INTERVIEW with MORGAN MANDEL: conducted by Lucille Perkins Robinson

LPR: Girl of My Dreams is the kind of story that actually causes a woman to dream of what might have been if she had been in a beauty contest. A delightful read that shows great talent in making descriptions of the interactions between characters sound so normal and real.

MM: Thanks so much, Lucille. I'm glad you enjoyed Girl of My Dreams.

LPR: Please tell us what kind of writing you like most to do and how you got your start as a writer.

MM: Romances and mysteries are equal favorites of mine. I have the same tastes in reading as when I'm going to a movie or watching a DVD at home. I started seriously writing fiction after attending a program by Chicago-North Romance Writers of America at the local library. That's when I discovered authors were real people and maybe if I worked hard enough I could be one of them. I joined the chapter and have never regretted it. Getting the support and feedback from my chapter friends is what made the difference in my getting published.

LPR: What other books or stories have you written and where might the reader find these?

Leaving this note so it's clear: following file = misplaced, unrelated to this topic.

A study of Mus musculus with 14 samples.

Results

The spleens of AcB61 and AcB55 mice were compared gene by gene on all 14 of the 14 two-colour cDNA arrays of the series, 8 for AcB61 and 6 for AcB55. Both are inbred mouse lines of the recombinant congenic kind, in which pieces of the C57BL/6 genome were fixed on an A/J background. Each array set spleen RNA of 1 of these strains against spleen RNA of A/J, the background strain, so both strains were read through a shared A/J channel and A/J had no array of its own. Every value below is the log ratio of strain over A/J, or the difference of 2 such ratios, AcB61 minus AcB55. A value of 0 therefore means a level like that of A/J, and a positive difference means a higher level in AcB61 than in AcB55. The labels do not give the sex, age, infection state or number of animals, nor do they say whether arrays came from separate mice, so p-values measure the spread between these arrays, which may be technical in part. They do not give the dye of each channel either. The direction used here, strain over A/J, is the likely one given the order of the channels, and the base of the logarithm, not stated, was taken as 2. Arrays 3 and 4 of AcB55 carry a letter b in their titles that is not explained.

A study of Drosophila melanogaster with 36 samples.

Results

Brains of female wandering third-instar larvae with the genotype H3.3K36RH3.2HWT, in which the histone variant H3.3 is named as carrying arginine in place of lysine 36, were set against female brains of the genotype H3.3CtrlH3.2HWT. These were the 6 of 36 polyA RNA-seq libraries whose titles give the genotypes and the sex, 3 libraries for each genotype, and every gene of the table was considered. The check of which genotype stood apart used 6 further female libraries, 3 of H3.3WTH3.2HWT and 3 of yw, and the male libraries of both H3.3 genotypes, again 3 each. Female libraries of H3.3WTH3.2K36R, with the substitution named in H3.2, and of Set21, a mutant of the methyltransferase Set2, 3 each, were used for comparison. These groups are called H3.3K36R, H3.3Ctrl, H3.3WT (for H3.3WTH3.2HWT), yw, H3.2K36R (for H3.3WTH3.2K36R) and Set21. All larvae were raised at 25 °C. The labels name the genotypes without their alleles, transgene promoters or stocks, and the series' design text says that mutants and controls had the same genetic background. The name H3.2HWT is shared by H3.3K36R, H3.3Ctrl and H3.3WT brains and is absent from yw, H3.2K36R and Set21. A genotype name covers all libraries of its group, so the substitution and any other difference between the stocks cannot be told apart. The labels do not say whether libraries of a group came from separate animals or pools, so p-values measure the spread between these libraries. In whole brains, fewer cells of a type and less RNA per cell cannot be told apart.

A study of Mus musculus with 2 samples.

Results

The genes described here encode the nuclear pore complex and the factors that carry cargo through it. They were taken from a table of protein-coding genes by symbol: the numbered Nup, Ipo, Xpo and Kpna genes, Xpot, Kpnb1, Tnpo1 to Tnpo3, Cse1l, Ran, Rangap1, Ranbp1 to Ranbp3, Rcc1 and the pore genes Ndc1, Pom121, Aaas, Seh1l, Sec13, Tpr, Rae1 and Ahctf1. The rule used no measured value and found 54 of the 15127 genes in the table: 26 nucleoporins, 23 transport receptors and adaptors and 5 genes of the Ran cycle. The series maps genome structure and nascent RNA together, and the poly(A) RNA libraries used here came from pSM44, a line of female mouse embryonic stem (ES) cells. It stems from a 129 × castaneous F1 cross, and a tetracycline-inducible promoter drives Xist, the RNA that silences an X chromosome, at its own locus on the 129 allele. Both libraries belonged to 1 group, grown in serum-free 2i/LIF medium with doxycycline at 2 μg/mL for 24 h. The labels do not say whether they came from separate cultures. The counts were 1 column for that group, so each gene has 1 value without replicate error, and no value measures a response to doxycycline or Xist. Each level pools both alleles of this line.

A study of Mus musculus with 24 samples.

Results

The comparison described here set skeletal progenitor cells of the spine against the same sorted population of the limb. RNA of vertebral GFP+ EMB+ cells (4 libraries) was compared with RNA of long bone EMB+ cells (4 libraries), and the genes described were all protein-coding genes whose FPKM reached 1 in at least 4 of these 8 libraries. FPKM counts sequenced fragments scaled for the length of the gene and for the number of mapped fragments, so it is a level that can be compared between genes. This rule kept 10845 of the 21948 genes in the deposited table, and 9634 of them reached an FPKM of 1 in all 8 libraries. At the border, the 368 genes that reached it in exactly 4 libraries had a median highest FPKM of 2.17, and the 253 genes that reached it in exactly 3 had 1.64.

MM: My debut novel, Two Wrongs, a mystery set in Chicago, combining elements of a John Grisham-like courtroom scene, a Danielle Steel-like second-chance-at-love and an old Charles Bronson movie-like revenge plot, was published in 2006 and is still available at, in print and ebook, also at,, and by order at bookstores. My current romantic comedy, Girl of My Dreams is available through the same venues.

LPR: When I first began to read Girl of My Dreams, I thought, Oh sure, another romance of course. But I found your story set apart from the usual tale in that every incident, every event, seemed so real. I wondered if you had any personal experience as a contestant in a beauty contest. If not, have you worked on the sidelines to help put on a contest?

MM: I've never been in a beauty contest, I'm over twice as old as my character, but I can dream, can't I? That's what fiction is all about, becoming someone else for a short time.

LPR: Another thing that set the story apart is that of having a rich young man make the choices instead of a panel of three or more people. What gave you this idea? In my opinion it proved very good for me.


  1. Very good interview. I love to read about other authors.